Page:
This Is The End

A 20-foot demon with glowing eyes, abyss-like fissures in the streets and funnels of blue light sucking the virtuous up to Heaven are signs of the Apocalypse – all while a motley crew of comics including Seth Rogen, Jay Baruchel and Jonah Hill (as ‘themselves’) cower in the tasteful environs of James Franco’s Hollywood mansion. This Is the End also seemed, on paper, like a sign of the Apocalypse – a new high in the rampant narcissism that blights Hollywood comedy and the Facebook/YouTube/Twitter culture in general. Yet the film is surprisingly subversive, often fascinating and – in its foul-mouthed way – very funny.

Rogen (who also co-wrote and co-directed) is an unusual comic. Comedy comes from reversal, arrogant characters taking a fall, braggarts using big talk as a façade (Bob Hope comes to mind); if a comic hero’s sympathetic he’s usually a loser by society’s standards, from Charlie Chaplin to Woody Allen – yet Rogen is a cocksure, successful character who never wavers, never gets his comeuppance and doesn’t seem to care what society thinks, nor does he ever get challenged. He played a stand-up comic (loosely based on himself) in Funny People, and his act was desperately unfunny – yet that seemed to be irrelevant, and the film never called him on it. His success, and that of his cohorts, is presumably a case of his obsessions (smoking weed, mostly) matching those of his audience. Personally, I find him insufferable.

Yet something happens in This Is the End. Playing ‘Seth Rogen’ seems to have freed Rogen to play an actual character, with flaws and some unsavoury details. First seen picking up Jay Baruchel (or ‘Jay Baruchel’) from the airport, Rogen is his usual cool dude – “Hey Seth Rogen! What up, man?” calls out a fan – yet later, faced with the end of the world, he proves to be a coward and even betrays Jay, his supposed best friend. His fellow comics are equally dysfunctional (the film smartly uses Baruchel as the ‘normal’ one, an outsider in the Hollywood hothouse). Jonah Hill (or ‘Jonah Hill’) is a condescending sycophant, a do-gooder who’s “adopted an incontinent spaniel”, and so full of himself he can’t even pray without mentioning his Oscar nomination (“Dear God, it’s me Jonah Hill … [pause] … from Moneyball”). Then there’s ‘James Franco’, a glad-handing hipster and pretentious pseud who loves to pontificate on Art. “Your mum’s p***y was the canvas,” he tells Jay grandly; your dad’s penis was the paintbrush – “Boom! You’re the art!”. “Thank you, James Franco.”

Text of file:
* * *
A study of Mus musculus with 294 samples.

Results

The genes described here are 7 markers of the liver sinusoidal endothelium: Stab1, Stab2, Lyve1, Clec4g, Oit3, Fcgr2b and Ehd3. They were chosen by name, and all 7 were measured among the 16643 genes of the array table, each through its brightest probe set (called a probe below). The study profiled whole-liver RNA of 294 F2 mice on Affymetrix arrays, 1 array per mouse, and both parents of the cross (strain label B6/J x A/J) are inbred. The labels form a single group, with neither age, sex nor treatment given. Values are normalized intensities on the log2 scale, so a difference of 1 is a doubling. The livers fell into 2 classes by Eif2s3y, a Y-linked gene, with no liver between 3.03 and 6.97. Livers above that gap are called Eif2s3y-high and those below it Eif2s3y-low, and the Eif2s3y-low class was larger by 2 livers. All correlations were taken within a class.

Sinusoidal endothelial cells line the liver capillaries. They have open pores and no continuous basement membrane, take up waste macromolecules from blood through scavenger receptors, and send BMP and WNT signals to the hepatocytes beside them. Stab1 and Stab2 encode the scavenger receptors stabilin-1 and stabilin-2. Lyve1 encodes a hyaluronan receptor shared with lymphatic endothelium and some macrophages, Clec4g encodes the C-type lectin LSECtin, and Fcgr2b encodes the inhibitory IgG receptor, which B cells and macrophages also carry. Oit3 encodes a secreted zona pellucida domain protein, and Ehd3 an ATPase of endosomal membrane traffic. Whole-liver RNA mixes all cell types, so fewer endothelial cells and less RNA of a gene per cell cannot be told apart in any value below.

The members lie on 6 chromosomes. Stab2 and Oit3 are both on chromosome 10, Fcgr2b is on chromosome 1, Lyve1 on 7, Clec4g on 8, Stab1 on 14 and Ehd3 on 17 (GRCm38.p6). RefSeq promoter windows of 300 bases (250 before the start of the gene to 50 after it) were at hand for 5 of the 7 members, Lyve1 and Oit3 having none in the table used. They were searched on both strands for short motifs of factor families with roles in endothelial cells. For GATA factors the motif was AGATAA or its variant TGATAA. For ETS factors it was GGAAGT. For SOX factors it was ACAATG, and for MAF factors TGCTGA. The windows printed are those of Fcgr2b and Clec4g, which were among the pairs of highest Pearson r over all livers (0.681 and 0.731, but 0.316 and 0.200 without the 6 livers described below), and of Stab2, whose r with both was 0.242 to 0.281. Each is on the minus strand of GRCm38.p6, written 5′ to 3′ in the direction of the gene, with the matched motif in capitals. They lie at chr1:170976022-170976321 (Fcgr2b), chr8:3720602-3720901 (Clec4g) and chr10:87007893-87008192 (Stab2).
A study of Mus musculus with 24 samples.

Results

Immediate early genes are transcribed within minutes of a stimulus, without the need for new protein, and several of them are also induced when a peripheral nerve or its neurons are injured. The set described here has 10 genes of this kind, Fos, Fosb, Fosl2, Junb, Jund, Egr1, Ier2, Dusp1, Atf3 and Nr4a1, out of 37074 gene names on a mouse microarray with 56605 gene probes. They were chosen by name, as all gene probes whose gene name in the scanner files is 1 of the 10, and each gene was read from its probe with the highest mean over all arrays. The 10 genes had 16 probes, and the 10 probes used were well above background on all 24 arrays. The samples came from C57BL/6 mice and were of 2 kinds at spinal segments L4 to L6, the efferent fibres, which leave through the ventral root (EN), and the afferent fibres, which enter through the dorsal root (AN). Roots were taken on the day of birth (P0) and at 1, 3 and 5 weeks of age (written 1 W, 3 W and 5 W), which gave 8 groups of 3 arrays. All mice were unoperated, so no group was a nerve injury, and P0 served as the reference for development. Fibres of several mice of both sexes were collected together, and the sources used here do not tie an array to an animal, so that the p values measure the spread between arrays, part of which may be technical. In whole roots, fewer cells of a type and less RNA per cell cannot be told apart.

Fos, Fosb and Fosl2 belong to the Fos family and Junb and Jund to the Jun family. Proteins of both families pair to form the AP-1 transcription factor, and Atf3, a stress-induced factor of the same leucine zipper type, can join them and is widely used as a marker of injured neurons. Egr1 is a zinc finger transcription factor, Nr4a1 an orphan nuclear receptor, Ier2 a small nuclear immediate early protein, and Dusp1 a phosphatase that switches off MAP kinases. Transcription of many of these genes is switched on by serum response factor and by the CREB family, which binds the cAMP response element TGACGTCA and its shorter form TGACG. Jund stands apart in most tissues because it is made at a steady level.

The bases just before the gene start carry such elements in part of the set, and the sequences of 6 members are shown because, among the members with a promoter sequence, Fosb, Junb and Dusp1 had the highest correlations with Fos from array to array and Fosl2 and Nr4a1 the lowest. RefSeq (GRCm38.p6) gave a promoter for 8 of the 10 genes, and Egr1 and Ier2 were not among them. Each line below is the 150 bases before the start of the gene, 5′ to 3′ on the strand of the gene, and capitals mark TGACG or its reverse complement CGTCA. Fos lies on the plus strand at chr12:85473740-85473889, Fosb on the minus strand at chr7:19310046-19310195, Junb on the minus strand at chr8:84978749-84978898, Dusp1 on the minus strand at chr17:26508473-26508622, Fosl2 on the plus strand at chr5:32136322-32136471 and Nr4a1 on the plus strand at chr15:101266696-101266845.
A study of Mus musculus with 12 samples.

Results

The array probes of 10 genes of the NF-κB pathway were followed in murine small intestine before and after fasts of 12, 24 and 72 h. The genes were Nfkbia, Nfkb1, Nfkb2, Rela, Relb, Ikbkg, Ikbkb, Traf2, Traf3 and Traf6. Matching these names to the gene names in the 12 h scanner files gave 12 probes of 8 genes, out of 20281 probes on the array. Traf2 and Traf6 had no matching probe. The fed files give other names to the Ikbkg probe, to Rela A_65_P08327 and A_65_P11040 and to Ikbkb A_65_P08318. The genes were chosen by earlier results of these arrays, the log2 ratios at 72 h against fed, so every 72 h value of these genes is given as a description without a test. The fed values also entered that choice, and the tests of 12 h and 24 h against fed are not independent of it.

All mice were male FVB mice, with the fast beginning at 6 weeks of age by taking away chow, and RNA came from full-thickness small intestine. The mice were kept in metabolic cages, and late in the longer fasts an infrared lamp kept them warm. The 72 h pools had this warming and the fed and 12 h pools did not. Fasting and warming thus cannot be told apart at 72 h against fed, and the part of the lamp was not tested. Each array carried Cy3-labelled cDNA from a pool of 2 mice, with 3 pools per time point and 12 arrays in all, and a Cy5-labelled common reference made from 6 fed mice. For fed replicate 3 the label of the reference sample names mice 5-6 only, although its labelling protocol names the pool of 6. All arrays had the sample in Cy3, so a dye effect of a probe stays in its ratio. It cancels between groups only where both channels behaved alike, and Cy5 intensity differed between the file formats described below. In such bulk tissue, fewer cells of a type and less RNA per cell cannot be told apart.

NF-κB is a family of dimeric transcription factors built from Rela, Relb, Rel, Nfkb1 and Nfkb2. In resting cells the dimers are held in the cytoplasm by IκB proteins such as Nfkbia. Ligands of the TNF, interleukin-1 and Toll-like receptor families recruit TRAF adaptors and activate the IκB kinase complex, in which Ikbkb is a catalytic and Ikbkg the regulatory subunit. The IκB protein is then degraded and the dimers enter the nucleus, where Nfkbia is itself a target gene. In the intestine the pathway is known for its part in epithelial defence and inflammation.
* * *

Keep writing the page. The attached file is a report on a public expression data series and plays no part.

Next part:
The jokes are often outrageous, with much talk of “titty-f***ing” and “explosive ejaculate”. That’s par for the course these days – but they don’t have the smugness that so often taints Hollywood comedy, if only because our heroes are doing drugs and discussing porno mags with the world ending around them. There are hidden tensions: Franco’s hiding food from the others; Rogen and Baruchel have been growing apart; everybody hates Danny McBride (or ‘Danny McBride’). Above all, the film works a constant undertow of fantasy (specifically films) vs. reality, incidentally making a comment on immature men who can’t tell one from the other.

At some point Hill becomes possessed (don’t ask) and Baruchel performs an exorcism by quoting from The Exorcist (“The power of Christ compels you…”). “It’s a movie!” protests someone; “It’s a manual!” counters Jay – and that’s the point, movie reality trumping actual reality (as it did e.g. in Inglourious Basterds) just as ‘Seth Rogen’ ultimately trumps Seth Rogen. This Is the End is a film made by actors about actors, the strange halfway-house of being an actor, the selfishness and stunted emotional development of being an actor – but also a kind of validation, the actors initially daunted by the thought of being heroes (“We’re actors! We’re soft as baby shit!”) only to discover that the End of the World is really just a glorified B-movie. I never thought I’d give four stars to a film that begins with Seth Rogen scoffing burgers and ends with a performance by the Backstreet Boys, but there it is. This whole summer’s been bizarre, in my opinion.